On January 29, 2021, Chief Judge Stark entered the below Order requiring new procedures for the filing, service, and management of highly sensitive documents (“HSD”). This is in response to recent breaches of private sector and government computer systems. Here is a summary of the Order and a brief discussion as to why it will be rarely invoked in intellectual property cases. The Court seemingly wants to avoid over-designation of HSDs in intellectual property cases. Most documents are presumptively deemed to not contain HSI (discussed below) and to not be HSD, including “most sealed filings in civil cases, including the overwhelming majority (if not all) sealed documents filed in intellectual property and Chapter 11 cases.”
HSDs contain highly sensitive information or “HSI.” HSI is sensitive or confidential information “likely to be of interest to the intelligence service of a hostile foreign government or other actor causing damage to this nation, and whose use or disclosure would likely cause significant harm.” HSI may also include information where “disclosure could jeopardize the safety of specific individuals.” If the document is an HSD, then the Order provides a separate motion procedure the designating party must follow.
The Order provides documents that are presumptively HSDs:
- Applications for electronic surveillance under 18 U.S.C. § 2518
- Documents that adversely affect: national security; integrity of government operations; reputational interests of the US; a foreign sovereign interest; on-going law-enforcement investigations and intelligence-gathering operations; safety of public officials or individual cooperating with law enforcement; and the ability of an entity to maintain cybersecurity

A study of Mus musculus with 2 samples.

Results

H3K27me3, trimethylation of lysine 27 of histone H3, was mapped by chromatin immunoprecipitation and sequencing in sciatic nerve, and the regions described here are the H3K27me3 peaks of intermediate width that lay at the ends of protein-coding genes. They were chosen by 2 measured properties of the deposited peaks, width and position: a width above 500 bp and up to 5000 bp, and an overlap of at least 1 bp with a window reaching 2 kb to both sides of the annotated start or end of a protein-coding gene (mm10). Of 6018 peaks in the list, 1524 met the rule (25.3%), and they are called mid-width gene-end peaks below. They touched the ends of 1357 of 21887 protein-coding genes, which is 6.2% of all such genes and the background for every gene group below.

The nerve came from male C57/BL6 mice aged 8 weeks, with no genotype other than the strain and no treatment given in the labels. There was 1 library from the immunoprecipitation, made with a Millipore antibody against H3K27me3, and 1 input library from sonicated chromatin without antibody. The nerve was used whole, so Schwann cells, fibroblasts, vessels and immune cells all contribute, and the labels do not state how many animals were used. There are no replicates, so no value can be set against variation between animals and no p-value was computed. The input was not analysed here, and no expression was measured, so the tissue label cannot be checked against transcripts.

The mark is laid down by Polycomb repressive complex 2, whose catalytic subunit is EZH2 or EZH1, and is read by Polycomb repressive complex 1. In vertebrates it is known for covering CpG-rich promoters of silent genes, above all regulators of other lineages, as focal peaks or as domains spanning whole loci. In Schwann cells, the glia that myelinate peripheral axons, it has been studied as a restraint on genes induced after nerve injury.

The Order further provides that “[i]n connection with business and other entities, documents will likely constitute HSI only (if ever) when they are among the most sensitive records created in the entity’s history and that, if wrongfully disclosed, could result in catastrophic financial and/or other loss for the entity.”
The Order discusses how to identify HSI. The Court makes clear that just because you are filing a document under seal, that does not mean you should designate the document as HSD containing HSI. Importantly, the Order clarifies that the HSD is “exceptional treatment” and the party moving to file the documents as such bears the burden to justify filing the documents as HSDs.
For intellectual property cases, it appears that the HSD designation is unlikely to be necessary. While many confidential documents are filed under seal as exhibits due to sensitive proprietary information, these will not be HSD/HSI unless the documents themselves would jeopardize the cybersecurity of an entity or otherwise result in catastrophic financial and/or other loss for the entity.
Click here to read Chief Judge Stark’s Order requiring new procedures for the filing, service, and management of highly sensitive documents (“HSD”).